How Long Does Tussionex Stay in Your System?

Cough Syrup Bottle


For many people dealing with a persistent cough, codeine-based medications are highly effective and provide relief (and more importantly for some patients, help make sleep possible). But it's a good idea to know what potential problems Tussionex might present.

Tussionex and Addiction

If you're in recovery for drug or alcohol abuse, you may want to consider asking your health care provider whether this is the best cough medicine for you. Be sure they know your history in regards to drug or alcohol addiction, so they can properly assess the potential impact on your recovery. In addition to being addictive, opioids can cause problems for alcoholics in recovery who have liver disease, particularly cirrhosis.

If your health care provider believes the benefits of taking Tussionex outweighs the risks of your addiction relapsing, be sure to take it only as long as prescribed and discard any that may be left over.

Tussionex and Drug Tests

If you're taking Tussionex, be advised that it will show up on some drug tests. It may be "visible" for up to three months in many tests, but trying to estimate how long Tussionex can be detected in the body depends on many variables, including which kind of drug test is being used.

How easily Tussionex will be detected will also vary depending on the person; factors such as how old you are, your weight, your metabolism, how physically active you are and any other health conditions will all have an impact. It's not possible to determine an exact time Tussionex will show up on a drug test.

Estimated Detection Windows

The following is an estimated range of times, or detection windows, during which the hydrocodone in Tussionex can be detected by various testing methods:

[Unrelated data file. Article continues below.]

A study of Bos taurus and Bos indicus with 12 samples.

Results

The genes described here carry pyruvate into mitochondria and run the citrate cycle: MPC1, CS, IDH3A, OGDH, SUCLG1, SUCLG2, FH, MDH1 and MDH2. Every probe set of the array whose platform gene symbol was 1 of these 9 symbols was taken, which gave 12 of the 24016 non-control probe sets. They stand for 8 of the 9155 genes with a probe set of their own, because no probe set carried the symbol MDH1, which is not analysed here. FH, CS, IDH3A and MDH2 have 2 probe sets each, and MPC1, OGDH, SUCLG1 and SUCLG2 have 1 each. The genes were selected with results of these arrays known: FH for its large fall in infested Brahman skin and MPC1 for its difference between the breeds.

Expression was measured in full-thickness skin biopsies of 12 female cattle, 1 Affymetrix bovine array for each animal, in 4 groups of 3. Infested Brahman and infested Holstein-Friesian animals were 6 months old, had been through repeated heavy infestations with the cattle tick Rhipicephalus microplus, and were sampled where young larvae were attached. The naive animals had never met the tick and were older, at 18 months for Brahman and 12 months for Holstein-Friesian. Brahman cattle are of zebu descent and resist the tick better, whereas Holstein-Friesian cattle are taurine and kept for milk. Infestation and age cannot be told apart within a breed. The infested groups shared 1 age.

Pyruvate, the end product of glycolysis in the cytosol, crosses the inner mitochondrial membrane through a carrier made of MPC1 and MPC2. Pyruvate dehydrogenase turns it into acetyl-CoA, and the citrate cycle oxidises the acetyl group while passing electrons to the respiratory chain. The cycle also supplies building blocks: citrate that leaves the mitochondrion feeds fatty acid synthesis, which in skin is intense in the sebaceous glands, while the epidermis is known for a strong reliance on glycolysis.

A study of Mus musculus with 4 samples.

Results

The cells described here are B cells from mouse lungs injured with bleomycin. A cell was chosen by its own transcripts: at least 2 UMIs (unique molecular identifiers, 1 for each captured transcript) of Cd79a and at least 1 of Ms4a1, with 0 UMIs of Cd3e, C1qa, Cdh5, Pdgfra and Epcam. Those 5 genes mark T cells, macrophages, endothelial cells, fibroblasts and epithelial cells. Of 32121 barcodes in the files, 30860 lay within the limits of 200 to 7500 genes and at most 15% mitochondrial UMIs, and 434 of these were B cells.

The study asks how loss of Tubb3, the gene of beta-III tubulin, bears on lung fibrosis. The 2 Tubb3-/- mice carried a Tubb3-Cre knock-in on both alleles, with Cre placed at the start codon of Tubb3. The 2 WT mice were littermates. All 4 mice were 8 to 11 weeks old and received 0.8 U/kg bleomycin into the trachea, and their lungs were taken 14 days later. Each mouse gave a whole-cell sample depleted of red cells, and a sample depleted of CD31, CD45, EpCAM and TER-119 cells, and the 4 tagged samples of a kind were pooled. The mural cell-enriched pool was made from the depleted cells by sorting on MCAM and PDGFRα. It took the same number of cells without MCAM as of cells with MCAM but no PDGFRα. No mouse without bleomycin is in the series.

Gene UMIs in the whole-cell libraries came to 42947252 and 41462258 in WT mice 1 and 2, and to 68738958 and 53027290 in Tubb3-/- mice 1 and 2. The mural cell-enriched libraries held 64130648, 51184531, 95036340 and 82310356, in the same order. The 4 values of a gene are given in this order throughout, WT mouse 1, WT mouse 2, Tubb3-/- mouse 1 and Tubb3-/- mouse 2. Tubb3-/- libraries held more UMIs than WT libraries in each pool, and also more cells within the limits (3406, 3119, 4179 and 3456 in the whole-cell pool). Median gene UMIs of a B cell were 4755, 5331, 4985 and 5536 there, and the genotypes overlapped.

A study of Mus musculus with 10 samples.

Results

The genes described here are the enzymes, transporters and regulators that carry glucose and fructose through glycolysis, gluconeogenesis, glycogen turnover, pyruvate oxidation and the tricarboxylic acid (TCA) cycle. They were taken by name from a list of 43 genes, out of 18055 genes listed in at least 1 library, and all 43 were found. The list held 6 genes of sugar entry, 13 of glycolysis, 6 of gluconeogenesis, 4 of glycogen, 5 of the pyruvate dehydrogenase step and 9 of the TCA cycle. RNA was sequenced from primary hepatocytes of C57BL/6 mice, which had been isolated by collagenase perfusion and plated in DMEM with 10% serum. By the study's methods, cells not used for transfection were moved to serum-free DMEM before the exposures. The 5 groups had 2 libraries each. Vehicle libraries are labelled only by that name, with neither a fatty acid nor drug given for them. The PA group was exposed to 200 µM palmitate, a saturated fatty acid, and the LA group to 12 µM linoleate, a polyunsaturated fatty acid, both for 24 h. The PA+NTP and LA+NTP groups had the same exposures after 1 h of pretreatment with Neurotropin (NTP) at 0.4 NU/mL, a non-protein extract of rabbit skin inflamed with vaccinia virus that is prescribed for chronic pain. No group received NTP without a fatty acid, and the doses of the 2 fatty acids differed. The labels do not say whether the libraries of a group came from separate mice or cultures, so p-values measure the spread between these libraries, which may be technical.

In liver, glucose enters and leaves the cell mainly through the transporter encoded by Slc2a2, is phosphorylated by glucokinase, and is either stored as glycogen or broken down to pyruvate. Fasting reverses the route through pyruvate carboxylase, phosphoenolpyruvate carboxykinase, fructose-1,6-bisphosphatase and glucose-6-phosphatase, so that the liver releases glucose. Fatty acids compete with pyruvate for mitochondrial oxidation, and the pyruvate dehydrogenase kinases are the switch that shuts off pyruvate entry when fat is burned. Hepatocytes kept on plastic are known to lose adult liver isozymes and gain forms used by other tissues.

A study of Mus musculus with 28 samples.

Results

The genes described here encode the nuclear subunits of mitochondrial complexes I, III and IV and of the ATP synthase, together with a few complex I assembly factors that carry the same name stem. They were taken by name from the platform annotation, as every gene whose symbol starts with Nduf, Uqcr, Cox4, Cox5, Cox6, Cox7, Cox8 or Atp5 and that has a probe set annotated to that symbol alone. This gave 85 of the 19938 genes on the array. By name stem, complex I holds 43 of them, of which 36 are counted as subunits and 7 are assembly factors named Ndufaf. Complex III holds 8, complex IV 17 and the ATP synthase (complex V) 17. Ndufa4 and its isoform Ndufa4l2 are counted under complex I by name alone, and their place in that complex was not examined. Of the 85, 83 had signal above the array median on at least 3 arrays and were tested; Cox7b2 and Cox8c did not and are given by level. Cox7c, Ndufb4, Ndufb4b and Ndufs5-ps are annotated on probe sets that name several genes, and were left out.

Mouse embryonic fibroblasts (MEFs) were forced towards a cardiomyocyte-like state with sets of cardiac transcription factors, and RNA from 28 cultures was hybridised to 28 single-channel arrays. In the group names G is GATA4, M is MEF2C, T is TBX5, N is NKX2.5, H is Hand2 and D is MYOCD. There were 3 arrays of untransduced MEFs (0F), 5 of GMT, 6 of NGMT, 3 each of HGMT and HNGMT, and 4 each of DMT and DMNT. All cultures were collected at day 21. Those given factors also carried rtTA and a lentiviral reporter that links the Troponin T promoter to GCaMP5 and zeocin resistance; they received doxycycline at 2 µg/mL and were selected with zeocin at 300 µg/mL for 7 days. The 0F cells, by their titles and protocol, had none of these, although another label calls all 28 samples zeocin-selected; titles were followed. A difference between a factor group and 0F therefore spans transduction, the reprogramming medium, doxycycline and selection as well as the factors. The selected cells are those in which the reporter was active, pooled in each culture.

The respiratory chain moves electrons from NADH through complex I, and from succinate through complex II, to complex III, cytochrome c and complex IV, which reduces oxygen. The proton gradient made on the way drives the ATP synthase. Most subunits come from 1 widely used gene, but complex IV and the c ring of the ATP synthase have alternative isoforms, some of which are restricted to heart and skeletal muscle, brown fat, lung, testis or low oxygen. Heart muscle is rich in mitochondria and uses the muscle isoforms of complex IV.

• Tussionex can be detected in the urine between 8 and 24 hours
  • A blood test can identify Tussionex for up to 12 hours.
  • A saliva test can detect Tussionex for up to two days
  • Tussionex, like many other drugs, can be detected with a hair follicle drug test for up to 90 days.

Preventing Overdose

As with any prescription medication, Tussionex has the potential for side effects, especially when taken with other medications. As with any medication containing hydrocodone, it's possible to overdose on Tussionex.

An overdose on hydrocodone can be fatal. So take Tussionex only as directed by your healthcare provider, and make sure they know about any other medicines or supplements you're taking.

Some symptoms of a hydrocodone overdose include:

  • Slowed breathing
  • Sleepiness
  • Muscle weakness
  • Cold, clammy skin
  • Narrowed or widened pupils
  • Slowed heartbeat
  • Coma

Call 9-1-1 immediately if you suspect someone is suffering from a hydrocodone overdose. If caught early enough the overdose may be able to be reversed with a treatment of Narcan.

3 Sources
Verywell Mind uses only high-quality sources, including peer-reviewed studies, to support the facts within our articles. Read our editorial process to learn more about how we fact-check and keep our content accurate, reliable, and trustworthy.
  1. Imani F, Motavaf M, Safari S, Alavian SM. The Therapeutic Use of Analgesics in Patients With Liver Cirrhosis: A Literature Review and Evidence-Based Recommendations. Hepat Mon. 2014;14(10):e23539. doi:10.5812/hepatmon.23539

  2. American Addiction Centers. How Long Do Opiates Stay in Your System?

  3. MedlinePlus. Hydrocodone/oxycodone overdose.

Additional Reading

By Buddy T
Buddy T is an anonymous writer and founding member of the Online Al-Anon Outreach Committee with decades of experience writing about alcoholism.